Sociology of Women
October 18th, 2012
Are men and women more similar or different from each other? What are the strengths and weaknesses of each position? If not a gender dichotomy (male/female), then what? Can we unlearn, as a culture, the ins and outs of gender?
Is gender a question of exclusion or is it a question of difference?
Women and Men are more similar than people believe them to be. People focus on the evident physical differences we see on a daily basis in men and women. Women are commonly described to have breasts, a vagina, and are considered more “voluptuous” or curvy than men, Whereas men are known for their manly tools, their penis, and all the preconceived social and cultural notions that go along with that. However, aside from these minor physical differences men and women are innately the same.
Although most people do not realize this, the only legitimate difference that is scientifically proven between men and women is that a woman’s body contains two X chromosomes and a man’s contains an X and Y chromosome (Connell, 2012, pg. 51). This biological difference then allows a woman’s body to develop slightly differently to enable reproduction, such as a womb, breasts, and wider pelvis. A man then develops testes but surprisingly both men and women’s genitals come from the same embryonic tissue. In other words biologically a penis and clitoris, scrotum and labia, come from the exact same starting place, and until people age these physical characteristics aren’t drastically visibly different (Connell, 2012, pg. 52).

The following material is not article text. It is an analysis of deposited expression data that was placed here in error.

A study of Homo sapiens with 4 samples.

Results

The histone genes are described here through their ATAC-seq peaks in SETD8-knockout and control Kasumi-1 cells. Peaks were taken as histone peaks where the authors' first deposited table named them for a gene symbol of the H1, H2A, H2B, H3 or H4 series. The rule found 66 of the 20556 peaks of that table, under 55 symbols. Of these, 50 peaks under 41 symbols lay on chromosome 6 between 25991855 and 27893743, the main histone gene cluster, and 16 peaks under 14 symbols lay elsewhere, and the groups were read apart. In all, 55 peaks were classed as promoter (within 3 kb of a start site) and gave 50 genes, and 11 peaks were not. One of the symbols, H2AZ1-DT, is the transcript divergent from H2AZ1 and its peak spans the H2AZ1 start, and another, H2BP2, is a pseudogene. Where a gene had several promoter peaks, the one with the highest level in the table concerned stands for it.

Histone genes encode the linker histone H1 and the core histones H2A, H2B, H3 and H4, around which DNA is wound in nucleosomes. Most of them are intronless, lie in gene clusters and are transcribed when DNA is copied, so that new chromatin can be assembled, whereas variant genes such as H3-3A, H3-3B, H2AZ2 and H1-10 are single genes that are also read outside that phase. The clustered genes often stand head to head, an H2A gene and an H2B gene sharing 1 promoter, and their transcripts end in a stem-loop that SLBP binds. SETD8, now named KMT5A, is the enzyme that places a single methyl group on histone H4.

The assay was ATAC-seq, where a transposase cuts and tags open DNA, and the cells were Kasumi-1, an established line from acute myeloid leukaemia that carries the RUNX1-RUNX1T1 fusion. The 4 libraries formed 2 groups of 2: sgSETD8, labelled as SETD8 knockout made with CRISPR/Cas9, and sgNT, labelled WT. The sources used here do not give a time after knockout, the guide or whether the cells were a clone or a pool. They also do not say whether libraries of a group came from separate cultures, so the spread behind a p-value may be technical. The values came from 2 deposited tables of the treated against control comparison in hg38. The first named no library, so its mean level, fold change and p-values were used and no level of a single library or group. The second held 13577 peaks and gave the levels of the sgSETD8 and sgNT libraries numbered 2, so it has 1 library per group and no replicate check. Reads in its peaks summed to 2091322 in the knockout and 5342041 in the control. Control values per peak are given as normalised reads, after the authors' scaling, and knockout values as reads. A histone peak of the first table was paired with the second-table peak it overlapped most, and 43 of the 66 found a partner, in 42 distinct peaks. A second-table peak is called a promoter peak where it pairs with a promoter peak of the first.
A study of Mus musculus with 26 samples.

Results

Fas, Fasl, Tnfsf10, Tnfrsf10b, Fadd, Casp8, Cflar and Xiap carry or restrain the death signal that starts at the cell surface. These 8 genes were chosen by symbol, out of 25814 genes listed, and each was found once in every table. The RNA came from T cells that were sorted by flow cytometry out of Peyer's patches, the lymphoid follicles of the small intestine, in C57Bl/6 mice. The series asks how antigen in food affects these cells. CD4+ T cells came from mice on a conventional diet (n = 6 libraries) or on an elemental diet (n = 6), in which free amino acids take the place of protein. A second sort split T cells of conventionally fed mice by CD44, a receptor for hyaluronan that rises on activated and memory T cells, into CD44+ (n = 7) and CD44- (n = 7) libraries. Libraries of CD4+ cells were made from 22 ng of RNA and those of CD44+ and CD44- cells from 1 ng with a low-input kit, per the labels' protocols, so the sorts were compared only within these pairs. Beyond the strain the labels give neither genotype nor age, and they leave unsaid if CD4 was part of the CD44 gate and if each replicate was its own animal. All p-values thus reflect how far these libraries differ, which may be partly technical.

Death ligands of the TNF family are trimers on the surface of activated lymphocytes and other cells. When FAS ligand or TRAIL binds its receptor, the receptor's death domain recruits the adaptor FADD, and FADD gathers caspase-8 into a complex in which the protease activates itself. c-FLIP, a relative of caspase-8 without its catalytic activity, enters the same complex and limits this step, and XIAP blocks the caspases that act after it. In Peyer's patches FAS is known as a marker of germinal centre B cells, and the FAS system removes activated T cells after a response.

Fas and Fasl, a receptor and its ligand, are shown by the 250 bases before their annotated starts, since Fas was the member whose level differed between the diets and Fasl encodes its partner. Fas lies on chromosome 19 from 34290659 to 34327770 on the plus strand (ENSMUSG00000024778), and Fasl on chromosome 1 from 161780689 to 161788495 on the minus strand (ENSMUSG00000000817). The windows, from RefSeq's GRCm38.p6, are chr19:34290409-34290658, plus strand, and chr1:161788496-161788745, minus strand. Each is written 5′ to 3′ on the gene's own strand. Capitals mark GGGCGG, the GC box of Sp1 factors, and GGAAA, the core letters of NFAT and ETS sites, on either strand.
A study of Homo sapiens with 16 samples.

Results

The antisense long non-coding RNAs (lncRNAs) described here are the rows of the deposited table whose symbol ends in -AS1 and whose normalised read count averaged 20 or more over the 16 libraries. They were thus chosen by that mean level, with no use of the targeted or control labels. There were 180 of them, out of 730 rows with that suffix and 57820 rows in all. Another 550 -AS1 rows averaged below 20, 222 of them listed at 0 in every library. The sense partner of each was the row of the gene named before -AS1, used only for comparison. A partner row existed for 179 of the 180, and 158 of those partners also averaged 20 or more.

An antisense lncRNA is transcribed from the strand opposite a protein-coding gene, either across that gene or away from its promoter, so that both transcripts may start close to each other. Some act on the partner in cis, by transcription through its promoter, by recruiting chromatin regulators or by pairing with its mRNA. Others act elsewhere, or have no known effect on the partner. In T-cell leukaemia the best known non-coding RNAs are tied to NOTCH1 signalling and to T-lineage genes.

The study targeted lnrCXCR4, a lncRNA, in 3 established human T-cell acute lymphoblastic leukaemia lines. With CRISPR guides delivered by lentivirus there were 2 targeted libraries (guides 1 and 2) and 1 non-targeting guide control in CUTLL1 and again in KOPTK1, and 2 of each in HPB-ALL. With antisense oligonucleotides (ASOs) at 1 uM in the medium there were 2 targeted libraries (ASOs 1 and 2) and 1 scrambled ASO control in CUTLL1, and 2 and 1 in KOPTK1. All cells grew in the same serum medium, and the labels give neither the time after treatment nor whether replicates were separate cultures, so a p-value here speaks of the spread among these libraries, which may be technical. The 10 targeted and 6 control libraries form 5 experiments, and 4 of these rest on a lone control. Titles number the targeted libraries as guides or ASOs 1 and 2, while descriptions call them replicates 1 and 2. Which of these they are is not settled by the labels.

One of the most ridiculous arguments about the differences between men and women comes back to our hormones. Many people are taught the differences between men and women throughout popular culture and education but not similarities. We are taught that our gendered bodies do not share any of the same physical characteristics. Men should be buff, taller, and able to do more in terms of strength while women should be graceful, dainty, caregivers that are objects to look at. Most people are unaware of all the commonalities that men and women share. In fact our hormones function in the same ways, and there are not “male” or “female” hormones. The difference is the levels and patterns our hormones take on. Men generally have higher levels of androgens such as testosterone whereas women have higher levels of reproductive organs at certain points. What most people are unaware of is that the same reproductive hormones present in women also work in men to enable the process of sperm production (Women's Studies Collective, 2005, pg.87). There is a huge overlap in the levels and process our bodies take on.
As explained in the text, “Even in early adulthood the physical characteristics of males and females as a group overlap extensively” (Connell, 2009, pg.52). Height is used as an example, because adult men are generally slightly taller than adult women, but the variety of heights within each biological group is large, in relation to the average difference. Many argue that the build of a man and a woman are completely different. It is true that men on average grow about 10 to 15 percent larger than females and tend to have more upper body strength, but in comparison to other mammals the margin is slim. Universities across the United States are providing new research that suggests it was similarities among men and women of our early ancestors, not differences which helped early humans evolve to become the dominant species that we are.
To understand the similarities of men and women you must understand that sex is a biological categorization based primarily on reproductive potential, whereas gender is the social elaboration of biological sex. Not surprisingly, social norms for heterosexual coupling and care of any resulting children are closely intertwined with gender. But that is far from the full story. Gender builds on biological sex, but it exaggerates biological difference, and...
References: Connell, R. (2012). Short introductions gender. (2nd ed., pg. 50-71). Massachusetts, USA: Polity Press.
Women 's Studies Collective, H. C. (2005). Women 's Realities, Women 's Choices- An Introduction to Women 's Studies. (3rd ed., pg. 85-87). New York, New York: Oxford University Press.
Plotnik, R., & Kouyoumdjian, H. (2011). Introduction to Psychology. (9th ed., p. 333). Belmont, CA, USA: Wadsworth- Cengage Learning.